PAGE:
A standing room crowd of perhaps 200 people turned out Thursday night for what amounted to a math professor's lecture on Illinois finances.
State Rep. Daniel Biss of Evanston, the area's newly elected state senator and a former math instructor, led the crowd gathered among the farm implements and other exhibits at Wagner Farm in Glenview through some detailed research on how Illinois compares with other states in taxes and government spending.
Biss said he drew several conclusions from the research conducted by his staff over the past several months:
First, Illinois needs to do a better job of attracting tourists and investors from out-of-state. While the state ranks 10th in revenue per capita it generates from tax collections, Illinois residents ranks 6th in the nation in taxes they pay to all state and local governments.
In effect, that means Illinois has a "balance of tourism" deficit with other states — Illinois residents travel more out of state and pay more taxes to those other states than other states' residents travel to and pay taxes in Illinois.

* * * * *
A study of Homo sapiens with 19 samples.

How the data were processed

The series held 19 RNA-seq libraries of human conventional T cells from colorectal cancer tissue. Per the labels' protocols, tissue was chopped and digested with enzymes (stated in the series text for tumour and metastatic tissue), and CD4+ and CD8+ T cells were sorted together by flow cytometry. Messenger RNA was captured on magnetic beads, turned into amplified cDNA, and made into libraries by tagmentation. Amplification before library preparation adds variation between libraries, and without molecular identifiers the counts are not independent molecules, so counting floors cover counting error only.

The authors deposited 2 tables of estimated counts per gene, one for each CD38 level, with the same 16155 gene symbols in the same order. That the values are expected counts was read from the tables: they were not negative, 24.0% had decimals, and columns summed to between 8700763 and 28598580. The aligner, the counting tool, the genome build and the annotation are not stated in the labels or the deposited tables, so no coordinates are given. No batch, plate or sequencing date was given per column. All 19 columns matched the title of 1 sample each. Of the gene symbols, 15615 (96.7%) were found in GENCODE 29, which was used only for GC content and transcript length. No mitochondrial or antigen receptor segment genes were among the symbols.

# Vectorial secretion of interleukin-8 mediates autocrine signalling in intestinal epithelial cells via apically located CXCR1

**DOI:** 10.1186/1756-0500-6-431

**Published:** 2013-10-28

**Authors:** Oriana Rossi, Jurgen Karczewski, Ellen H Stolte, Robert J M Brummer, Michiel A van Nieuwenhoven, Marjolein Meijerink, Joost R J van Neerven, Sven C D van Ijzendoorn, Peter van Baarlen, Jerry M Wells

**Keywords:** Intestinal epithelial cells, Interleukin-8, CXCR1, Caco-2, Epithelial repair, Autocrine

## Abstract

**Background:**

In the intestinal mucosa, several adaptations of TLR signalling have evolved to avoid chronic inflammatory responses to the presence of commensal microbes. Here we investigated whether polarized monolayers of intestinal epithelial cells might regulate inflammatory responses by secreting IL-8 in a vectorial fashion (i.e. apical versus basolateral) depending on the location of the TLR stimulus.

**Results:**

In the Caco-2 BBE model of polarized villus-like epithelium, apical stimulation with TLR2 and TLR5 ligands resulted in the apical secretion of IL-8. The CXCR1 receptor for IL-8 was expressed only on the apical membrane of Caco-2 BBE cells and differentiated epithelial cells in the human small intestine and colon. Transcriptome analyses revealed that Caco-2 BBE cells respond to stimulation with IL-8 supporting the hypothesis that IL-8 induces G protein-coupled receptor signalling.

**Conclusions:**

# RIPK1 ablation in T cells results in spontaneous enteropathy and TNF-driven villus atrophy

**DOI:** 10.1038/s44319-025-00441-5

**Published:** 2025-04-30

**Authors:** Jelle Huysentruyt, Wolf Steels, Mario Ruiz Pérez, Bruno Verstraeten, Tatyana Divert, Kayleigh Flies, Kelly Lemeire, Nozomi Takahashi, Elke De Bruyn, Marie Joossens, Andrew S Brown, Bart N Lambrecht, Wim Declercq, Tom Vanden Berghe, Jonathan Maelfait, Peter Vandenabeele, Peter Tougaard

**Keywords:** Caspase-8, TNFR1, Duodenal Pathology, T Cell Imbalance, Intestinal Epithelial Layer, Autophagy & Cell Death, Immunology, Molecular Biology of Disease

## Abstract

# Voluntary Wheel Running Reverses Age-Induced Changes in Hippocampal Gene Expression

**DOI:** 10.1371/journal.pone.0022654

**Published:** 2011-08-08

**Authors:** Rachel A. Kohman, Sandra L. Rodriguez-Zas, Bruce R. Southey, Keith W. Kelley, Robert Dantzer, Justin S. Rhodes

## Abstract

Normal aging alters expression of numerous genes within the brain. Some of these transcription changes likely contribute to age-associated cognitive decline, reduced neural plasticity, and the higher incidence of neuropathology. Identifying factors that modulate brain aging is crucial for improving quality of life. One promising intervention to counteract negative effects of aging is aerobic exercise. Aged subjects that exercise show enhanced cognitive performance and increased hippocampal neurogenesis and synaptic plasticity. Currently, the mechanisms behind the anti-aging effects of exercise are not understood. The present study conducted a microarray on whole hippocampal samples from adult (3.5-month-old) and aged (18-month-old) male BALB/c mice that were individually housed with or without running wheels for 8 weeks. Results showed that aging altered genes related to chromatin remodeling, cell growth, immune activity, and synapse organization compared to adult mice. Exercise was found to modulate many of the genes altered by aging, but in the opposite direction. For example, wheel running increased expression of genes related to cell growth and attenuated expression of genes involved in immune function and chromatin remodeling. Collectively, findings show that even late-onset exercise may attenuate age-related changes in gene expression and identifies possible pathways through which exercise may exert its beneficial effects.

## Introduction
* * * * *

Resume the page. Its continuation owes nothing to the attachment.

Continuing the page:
Second, Illinois needs to decrease its debt load for pension payments, bond debt and interest payments to vendors.
Illinois ranks fifth in the nation in interest owed on debt as a percentage of total state expenditures, and the state has the worst-funded pension system of any state in the union.
Third, Illinois needs to streamline the structure of local government to save money and better coordinate services.
Illinois has by far the largest number of local governents of any state in the nation — with almost 7,000 — and also the 9th highest rate of prperty taxes per $1,000 of residents' income. And our effective property tax rate is 1.93 percent — exceeded only by the 2.01% rate in New Jersey.
Fourth, Biss argues that Illinois must reform its educaional funding system to provide both tax fairness and equity of opportunity.
He says wide disparities in funding levels among school districts in Illinois have led to growing gaps in educational attainment — with the state having a high percentage of college educated residents but also a high percentage of high school dropouts compared to other states.
That, he says, has led to increasing economic inequality — a problem that exists nationwide, but is more severe in Illinois than in most other states.